Kickstarter Aids Chicago Hyde Park Art Center’s Anniversary Show
Robin Dluzen, Thursday, April 10, 2014
Practically every internationally recognized Chicago artist had his or her big break at the Hyde Park Art Center, the city’s oldest alternative art space. Gertrude Abercrombie was in the inaugural exhibition in 1939 and in the 60s, it was famously a launching pad for Gladys Nilsson, Jim Nutt and Karl Wirsum of the Hairy Who?, plus Imagists Ed Paschke, Christina Ramberg, and Roger Brown. More recently, prominent Chicagoans who exhibited, taught, or took classes at HPAC have included Michelle Grabner, Sanford Biggers, Christopher Wool, and Theaster Gates.
HPAC kicks off its 75th anniversary celebration April 13 with the opening of artist John Preus’ “The Beast” and the announcement of a new addition to the Center. A gift of $750,000 from John and Julie Guida—the first major contribution in a $6 million fundraising campaign—will be used to renovate 5,000 square feet of previously unused space in the building. The so-called Guida Creative Wing will become a suite of studios for the artists of the Center’s Jackman Goldwasser Residency, among others. “The new wing is about accessibility,” says HPAC Executive Director Kate Lorenz. “The public often doesn’t even know that there are artists working in the building. These renovations will create a physical space for easier interaction.”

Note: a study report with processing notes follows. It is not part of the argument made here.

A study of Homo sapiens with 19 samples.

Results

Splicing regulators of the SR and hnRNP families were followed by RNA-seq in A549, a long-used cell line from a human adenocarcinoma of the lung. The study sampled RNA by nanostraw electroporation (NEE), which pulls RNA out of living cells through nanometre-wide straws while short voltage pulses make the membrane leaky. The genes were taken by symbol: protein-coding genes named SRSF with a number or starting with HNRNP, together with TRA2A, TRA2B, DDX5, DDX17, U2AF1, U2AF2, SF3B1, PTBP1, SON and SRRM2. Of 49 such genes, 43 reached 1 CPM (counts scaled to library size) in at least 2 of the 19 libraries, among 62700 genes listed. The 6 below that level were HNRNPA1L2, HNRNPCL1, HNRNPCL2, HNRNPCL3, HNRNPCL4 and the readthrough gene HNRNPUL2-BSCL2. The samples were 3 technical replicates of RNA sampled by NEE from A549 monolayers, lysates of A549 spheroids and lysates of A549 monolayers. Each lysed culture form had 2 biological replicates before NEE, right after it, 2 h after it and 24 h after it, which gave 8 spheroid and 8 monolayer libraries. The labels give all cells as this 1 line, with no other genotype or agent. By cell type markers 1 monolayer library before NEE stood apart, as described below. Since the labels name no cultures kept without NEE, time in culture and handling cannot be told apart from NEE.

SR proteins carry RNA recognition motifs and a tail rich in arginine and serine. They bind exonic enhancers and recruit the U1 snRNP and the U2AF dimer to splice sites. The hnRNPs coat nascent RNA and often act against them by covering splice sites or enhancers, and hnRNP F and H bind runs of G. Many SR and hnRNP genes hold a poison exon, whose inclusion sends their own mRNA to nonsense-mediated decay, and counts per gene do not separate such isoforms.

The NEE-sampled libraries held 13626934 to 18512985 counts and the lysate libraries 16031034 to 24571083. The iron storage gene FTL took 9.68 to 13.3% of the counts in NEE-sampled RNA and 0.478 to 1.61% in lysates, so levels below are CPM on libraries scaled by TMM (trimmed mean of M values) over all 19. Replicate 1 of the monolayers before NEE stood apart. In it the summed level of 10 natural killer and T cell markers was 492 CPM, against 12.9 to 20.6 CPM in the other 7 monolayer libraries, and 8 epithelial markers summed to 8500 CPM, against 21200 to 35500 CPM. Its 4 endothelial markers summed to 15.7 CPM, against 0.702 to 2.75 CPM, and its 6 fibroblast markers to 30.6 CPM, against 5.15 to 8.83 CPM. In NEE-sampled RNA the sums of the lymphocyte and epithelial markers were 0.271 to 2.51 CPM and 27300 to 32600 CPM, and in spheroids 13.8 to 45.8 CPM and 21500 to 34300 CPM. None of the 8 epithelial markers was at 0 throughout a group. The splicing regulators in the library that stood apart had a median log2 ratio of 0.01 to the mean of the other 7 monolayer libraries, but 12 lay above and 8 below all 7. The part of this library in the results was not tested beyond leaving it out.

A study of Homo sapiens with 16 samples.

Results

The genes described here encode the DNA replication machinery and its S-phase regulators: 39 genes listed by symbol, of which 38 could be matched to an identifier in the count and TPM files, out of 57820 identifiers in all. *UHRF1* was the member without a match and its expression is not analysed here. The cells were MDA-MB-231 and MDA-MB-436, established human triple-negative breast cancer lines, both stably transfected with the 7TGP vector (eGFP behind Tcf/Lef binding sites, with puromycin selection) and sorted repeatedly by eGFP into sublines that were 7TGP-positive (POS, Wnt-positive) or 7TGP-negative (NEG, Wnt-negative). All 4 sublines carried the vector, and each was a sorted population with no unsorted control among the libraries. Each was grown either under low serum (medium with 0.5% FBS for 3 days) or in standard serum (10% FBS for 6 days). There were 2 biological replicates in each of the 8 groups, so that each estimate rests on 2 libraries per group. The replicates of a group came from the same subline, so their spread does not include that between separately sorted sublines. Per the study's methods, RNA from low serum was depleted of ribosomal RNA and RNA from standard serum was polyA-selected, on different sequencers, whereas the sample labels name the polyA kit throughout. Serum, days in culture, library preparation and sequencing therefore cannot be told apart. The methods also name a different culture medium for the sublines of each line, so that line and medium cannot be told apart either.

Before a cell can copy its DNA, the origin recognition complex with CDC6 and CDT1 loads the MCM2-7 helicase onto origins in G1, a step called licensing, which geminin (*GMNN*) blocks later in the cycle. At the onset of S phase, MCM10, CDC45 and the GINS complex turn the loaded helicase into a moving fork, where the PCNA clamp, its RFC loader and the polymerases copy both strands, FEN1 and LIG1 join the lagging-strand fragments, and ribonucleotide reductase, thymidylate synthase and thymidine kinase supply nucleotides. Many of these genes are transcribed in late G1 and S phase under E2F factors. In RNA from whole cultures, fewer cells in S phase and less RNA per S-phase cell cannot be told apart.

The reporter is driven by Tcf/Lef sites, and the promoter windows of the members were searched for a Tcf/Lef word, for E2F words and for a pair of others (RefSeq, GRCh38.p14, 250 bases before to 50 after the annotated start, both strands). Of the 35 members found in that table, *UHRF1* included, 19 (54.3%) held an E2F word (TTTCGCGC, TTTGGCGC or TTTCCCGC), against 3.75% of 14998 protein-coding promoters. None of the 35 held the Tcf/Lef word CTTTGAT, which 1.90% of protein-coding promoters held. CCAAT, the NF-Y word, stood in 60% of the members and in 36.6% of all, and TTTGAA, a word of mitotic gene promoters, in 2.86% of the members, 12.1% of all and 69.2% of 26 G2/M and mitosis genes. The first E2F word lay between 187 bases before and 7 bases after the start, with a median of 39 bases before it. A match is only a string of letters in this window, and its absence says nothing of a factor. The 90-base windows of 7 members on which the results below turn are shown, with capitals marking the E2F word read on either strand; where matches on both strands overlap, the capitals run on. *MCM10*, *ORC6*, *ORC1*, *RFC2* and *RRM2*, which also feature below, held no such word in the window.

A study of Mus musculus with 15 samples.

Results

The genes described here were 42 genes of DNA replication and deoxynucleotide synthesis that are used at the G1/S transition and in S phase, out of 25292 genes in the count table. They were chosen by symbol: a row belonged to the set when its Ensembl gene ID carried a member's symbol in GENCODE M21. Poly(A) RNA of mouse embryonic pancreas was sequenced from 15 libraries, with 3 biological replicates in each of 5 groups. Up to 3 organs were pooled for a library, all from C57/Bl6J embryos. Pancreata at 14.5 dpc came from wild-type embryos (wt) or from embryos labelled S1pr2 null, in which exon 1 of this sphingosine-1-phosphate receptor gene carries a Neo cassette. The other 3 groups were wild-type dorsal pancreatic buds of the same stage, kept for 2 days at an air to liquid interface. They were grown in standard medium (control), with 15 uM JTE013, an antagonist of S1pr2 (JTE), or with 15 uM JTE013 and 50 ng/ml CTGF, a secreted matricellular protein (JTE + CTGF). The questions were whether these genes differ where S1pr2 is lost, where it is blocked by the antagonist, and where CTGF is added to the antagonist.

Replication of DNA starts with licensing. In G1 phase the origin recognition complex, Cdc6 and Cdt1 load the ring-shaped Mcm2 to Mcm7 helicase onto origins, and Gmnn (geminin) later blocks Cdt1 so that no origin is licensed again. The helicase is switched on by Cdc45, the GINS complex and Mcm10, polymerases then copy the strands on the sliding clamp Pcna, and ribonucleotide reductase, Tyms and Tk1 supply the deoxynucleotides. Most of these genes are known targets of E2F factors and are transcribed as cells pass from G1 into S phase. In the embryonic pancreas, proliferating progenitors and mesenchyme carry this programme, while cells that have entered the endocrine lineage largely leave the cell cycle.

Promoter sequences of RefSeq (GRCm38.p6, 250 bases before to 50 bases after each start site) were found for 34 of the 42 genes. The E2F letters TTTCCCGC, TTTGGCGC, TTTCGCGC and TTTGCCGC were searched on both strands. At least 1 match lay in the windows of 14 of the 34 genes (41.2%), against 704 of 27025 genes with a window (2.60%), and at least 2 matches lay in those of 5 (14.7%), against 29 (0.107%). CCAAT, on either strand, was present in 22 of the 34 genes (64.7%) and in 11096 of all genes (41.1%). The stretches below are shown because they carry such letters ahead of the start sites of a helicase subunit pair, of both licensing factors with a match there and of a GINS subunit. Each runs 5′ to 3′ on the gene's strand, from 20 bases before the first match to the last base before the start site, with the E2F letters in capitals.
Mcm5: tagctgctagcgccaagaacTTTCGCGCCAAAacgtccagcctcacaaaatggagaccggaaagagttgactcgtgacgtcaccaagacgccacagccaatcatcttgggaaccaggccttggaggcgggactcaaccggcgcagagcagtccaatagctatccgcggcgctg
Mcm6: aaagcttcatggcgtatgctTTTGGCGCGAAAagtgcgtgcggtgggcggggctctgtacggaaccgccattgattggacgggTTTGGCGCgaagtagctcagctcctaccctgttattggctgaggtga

“The Beast,” the exhibition ushering in HPAC’s 75th year, is an unusual installation and event space created by Preus. Chicagoans know him as the cofounder of the artist collective, Southside Hub of Production, but his work is recognized globally as he is also the lead fabricator for superstar artist Gates, and the principal designer and builder of Gates’ Dorchester Projects’ Archive House. In a novel twist, the artist is seeking donations via Kickstarter to support ongoing programming inside “The Beast.” (Check out Preus’s Kickstarter campaign for more information.)
Part sculpture, part architectural intervention, “The Beast” is in the form of a gigantic, reclining steer constructed from discarded materials and furniture from recently closed city public schools. The animal’s “belly” is a common room for visitors to gather, outfitted with public school table tops bearing inscriptions made by generations of students. Through August 3, the installation will be open to the public every day, as well as for lectures, performances, potlucks, and other organized events.
Though accessible and welcoming, “The Beast” is not just a feel-good exercise in community, but an opportunity to examine it more carefully: “A community always has an inside and an outside, a sense of unity developed through exclusivity,” Preus says. “I am led to wonder if there are other ways to identify ourselves other than negation.”